1. Oct 5, 2012 #1
    It is a news story that has been grumbling on for over a decade here in the UK, but as I write this, Abu Hamza is in the air, on his way to stand trial on terrorism charges in the USA. Are you aware of this particular bundle of malevolence in the USA? Has there been any mention at all in the news in the USA that extradition proceedings are finally over and he is coming to be a guest of the US Justice Department? There is no doubt that it is deeply gratifying to finally see him removed from the British soil he did not deserve to occupy, but neither would I wish him on the US. Supposedly his health is deteriorating fast and maybe, just maybe, he is one hurricane that has now lost its power. But I can't escape the feeling that he hasn't yet caused his last piece of trouble...
     

    phinds

     
  4. Oct 5, 2012 #3

    Astronuc


    His loss of appeal and the UK court ruling concerning his extradition to the US is in the news today.
    http://news.yahoo.com/uk-court-rules-abu-hamza-extradited-us-135945262.html
     
  5. Oct 6, 2012 #4
    There are more than a few British people expressing their satisfaction in their expectation that he will suffer much harsher realities in US custody than he did in British custody. I don't know if you are untroubled by that perception, but those people seem to be missing the point that such a concern was precisely the cause of the long delay for approval from the European courts, and extradition has finally been approved on the basis that it will not be the case. He was extradited to suffer only justice.
     
  6. Oct 6, 2012 #5

    phinds


    Yeah, and I'd be very pleased to have him suffer some down home justice in Texas.
     
  7. Oct 6, 2012 #6
    I find it interesting that by wikipedia he was charged for:
    http://edition.cnn.com/2006/WORLD/europe/01/06/britain.hamza/index.html

    Would he been charged in US for "using threatening, abusive or insulting words or behavior with the intention of stirring up racial hatred"?

    As to the OP, I find it waste of money and time extraditing Abu Hamza.
     
  8. Oct 6, 2012 #7
    I need to understand for what you want him to be charged in Texas? I don't find things like "A further charge says Hamza was in possession of eight video and audio recordings, which he intended to distribute to stir up racial hatred." sufficient enough for him to put to trial in US.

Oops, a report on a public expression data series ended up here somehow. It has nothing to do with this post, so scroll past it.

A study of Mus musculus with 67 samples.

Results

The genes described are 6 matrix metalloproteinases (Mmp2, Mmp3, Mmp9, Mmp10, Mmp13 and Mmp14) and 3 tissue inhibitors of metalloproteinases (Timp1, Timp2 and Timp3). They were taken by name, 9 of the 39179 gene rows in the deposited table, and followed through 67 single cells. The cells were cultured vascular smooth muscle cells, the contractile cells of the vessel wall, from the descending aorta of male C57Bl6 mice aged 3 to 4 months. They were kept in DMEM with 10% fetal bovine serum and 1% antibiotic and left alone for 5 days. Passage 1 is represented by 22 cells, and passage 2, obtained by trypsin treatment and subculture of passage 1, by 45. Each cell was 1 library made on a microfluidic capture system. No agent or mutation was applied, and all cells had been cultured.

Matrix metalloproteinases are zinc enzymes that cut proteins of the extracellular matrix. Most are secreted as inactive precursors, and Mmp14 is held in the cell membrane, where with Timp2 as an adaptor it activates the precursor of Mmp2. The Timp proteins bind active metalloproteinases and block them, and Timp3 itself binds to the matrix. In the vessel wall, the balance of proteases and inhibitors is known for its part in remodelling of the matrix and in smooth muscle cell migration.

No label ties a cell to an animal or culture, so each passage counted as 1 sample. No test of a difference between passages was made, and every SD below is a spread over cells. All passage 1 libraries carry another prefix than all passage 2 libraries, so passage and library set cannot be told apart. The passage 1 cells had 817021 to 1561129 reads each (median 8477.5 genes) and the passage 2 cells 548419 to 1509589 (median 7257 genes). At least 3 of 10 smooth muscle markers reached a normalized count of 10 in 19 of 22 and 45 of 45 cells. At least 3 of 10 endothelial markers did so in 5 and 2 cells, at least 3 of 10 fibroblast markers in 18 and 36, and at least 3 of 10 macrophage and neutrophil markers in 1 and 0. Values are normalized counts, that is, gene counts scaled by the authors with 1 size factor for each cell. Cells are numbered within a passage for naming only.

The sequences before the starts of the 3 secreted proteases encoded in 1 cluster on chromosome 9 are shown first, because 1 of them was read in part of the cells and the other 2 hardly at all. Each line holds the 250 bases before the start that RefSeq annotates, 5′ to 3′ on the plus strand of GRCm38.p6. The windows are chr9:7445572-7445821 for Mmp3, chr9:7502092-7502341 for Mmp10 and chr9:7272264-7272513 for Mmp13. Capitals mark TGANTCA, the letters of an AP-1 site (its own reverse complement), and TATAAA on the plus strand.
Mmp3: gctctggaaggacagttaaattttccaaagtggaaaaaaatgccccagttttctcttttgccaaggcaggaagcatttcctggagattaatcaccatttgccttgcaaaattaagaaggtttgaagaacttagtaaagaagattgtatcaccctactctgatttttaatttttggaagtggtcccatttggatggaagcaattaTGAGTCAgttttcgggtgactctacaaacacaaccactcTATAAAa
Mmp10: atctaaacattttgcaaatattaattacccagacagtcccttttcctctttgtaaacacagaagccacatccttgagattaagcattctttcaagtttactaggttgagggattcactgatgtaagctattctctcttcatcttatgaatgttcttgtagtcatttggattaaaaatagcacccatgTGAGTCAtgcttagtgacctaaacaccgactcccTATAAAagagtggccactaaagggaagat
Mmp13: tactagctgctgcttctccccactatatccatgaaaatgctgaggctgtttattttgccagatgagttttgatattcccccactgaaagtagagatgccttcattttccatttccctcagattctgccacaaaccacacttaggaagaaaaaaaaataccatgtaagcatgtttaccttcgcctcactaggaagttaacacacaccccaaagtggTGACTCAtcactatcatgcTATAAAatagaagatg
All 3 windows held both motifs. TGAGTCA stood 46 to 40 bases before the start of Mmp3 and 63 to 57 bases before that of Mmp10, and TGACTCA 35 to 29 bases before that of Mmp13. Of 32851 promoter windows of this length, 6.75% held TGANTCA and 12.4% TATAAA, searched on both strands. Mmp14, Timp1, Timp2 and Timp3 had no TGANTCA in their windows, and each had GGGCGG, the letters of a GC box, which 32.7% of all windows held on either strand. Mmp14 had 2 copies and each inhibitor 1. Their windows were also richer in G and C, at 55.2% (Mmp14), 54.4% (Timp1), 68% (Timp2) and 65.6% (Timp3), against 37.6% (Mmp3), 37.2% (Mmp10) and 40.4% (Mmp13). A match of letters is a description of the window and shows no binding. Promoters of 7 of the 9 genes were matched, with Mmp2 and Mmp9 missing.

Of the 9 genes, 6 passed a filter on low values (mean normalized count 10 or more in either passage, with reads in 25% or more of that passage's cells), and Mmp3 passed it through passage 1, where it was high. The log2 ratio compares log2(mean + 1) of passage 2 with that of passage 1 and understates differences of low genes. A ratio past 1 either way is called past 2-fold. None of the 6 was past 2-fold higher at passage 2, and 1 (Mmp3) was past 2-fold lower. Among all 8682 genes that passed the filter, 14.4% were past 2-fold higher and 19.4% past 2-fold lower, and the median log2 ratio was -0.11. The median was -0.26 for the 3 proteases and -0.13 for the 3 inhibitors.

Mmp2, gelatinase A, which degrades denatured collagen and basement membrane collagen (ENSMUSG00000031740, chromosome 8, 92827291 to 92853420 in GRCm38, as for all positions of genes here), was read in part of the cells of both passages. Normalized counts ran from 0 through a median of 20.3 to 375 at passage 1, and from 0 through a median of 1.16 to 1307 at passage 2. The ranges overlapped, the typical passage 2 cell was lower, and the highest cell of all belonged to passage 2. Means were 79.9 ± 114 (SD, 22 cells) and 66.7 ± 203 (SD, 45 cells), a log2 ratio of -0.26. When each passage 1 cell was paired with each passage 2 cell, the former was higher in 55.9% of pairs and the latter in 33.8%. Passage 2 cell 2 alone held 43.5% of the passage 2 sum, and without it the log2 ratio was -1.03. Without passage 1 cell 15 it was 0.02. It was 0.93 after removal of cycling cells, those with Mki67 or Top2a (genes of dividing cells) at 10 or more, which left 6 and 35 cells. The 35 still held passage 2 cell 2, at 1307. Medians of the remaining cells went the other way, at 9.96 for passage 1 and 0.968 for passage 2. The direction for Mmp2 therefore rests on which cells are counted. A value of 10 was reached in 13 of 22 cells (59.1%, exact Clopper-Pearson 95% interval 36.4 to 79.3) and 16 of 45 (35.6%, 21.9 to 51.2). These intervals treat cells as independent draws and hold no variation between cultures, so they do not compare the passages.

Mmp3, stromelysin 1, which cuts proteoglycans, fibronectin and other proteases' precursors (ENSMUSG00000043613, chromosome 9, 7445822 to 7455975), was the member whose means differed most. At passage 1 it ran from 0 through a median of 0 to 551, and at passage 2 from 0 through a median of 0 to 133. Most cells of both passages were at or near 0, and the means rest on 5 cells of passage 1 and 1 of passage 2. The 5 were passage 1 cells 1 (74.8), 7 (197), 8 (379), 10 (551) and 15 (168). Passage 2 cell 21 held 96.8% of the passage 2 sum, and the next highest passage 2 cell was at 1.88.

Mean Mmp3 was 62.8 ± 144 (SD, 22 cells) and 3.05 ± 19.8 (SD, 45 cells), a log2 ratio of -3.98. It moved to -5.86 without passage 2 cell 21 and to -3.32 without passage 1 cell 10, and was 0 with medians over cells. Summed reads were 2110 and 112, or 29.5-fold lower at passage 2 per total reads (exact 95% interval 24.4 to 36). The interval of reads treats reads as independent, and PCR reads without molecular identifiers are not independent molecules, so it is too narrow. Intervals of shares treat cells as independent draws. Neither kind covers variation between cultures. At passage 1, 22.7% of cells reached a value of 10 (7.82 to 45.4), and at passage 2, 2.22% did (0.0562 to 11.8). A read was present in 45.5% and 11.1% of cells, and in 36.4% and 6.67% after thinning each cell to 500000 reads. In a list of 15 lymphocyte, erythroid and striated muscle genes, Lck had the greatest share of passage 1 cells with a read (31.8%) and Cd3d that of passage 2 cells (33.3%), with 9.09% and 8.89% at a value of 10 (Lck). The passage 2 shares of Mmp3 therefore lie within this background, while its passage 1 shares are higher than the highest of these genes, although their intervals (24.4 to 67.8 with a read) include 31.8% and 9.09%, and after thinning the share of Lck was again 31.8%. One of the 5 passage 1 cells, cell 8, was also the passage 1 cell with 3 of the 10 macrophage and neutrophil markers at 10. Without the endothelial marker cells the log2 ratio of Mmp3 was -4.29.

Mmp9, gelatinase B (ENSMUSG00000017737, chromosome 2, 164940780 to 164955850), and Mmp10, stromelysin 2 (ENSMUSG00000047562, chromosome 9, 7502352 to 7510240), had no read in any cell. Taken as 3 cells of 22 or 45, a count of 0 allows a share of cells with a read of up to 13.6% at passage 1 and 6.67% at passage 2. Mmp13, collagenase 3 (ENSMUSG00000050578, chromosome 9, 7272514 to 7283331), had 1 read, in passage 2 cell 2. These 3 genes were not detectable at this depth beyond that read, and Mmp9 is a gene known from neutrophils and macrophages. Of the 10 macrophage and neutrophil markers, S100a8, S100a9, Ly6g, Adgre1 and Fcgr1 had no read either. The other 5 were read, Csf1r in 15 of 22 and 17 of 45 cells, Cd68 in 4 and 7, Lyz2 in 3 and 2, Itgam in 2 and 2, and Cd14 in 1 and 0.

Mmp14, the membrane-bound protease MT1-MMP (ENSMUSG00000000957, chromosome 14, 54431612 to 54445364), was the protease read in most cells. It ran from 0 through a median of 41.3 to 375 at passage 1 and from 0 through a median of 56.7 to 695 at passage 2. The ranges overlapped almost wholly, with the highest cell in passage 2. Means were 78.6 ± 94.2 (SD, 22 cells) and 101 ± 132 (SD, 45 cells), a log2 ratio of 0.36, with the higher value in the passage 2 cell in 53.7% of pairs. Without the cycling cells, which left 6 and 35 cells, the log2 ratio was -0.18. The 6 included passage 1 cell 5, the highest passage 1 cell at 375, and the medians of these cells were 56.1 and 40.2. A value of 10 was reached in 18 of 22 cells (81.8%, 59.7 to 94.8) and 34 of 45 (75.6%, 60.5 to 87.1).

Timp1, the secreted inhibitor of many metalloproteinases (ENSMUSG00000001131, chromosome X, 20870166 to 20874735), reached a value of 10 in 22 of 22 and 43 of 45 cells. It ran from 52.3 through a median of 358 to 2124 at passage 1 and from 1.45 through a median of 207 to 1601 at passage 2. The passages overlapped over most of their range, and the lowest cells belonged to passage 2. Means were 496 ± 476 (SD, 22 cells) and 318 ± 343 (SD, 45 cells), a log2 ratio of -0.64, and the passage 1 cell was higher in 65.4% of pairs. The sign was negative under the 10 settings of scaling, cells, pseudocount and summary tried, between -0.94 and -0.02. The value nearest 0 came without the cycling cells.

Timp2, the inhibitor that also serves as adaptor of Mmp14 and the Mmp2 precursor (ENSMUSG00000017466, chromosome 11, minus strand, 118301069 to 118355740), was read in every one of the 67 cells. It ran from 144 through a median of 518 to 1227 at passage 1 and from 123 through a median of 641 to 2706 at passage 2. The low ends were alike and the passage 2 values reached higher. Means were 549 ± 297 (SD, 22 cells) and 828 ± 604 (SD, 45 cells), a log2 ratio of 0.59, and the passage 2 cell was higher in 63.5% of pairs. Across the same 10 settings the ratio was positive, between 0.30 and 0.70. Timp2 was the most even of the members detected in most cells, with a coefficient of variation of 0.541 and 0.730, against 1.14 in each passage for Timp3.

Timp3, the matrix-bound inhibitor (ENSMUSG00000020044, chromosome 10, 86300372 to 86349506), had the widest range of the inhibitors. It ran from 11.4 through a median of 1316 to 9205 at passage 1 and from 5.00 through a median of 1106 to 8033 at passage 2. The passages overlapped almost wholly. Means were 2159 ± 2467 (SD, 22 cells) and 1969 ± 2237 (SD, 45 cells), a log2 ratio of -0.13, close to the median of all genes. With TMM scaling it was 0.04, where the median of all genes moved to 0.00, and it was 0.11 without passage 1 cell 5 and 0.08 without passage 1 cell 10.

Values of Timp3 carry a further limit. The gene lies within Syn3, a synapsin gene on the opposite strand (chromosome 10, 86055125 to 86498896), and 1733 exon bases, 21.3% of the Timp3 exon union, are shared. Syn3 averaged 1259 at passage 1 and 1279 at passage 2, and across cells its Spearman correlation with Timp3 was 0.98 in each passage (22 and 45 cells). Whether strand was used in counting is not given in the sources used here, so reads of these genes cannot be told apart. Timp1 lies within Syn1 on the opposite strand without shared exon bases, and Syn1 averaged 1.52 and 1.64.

There have been US individuals who have caused more than enough damage with their videos.

    Reading the bbc article, I find "relating to hostage taking" a valid charge but "calling for holy war in Afghanistan" just seems not strong enough.
     
  9. Oct 6, 2012 #8

    phinds

     
  10. Oct 6, 2012 #9
    For me, that's no different than what Nakoula Basseley Nakoula (http://www.bbc.co.uk/news/world-asia-19692971) did recently.

    I am also not aware about the charges he will face and what kind of charges are considered serious in the US. But, I believe hate-speech is considered more seriously in UK than the US.
     
    Last edited: Oct 6, 2012
  11. Oct 6, 2012 #10

    Ryan_m_b

     
  12. Oct 6, 2012 #11

    phinds


    Actually, I don't really care if they are alive or dead, what I really want is that they be totally and completely removed from society AND I don't want to pay their upkeep in prison. In practical terms, I can't see any way to do this other than execution.
     
  13. Oct 6, 2012 #12

    AlephZero

     
  14. Oct 7, 2012 #13

    Ryan_m_b

     
  15. Oct 7, 2012 #14

    I know you know this Ryan, but it is worth making the point that for both the UK and the US, dealing with Abu Hamza just is not a matter of the costs. It is a question of negotiating a path through the moral minefield, hoping one day to arrive at the promised land of universal acceptance, tolerance and understanding. The seeming unlikeliness of ever getting there is no justification for giving up on the endeavour.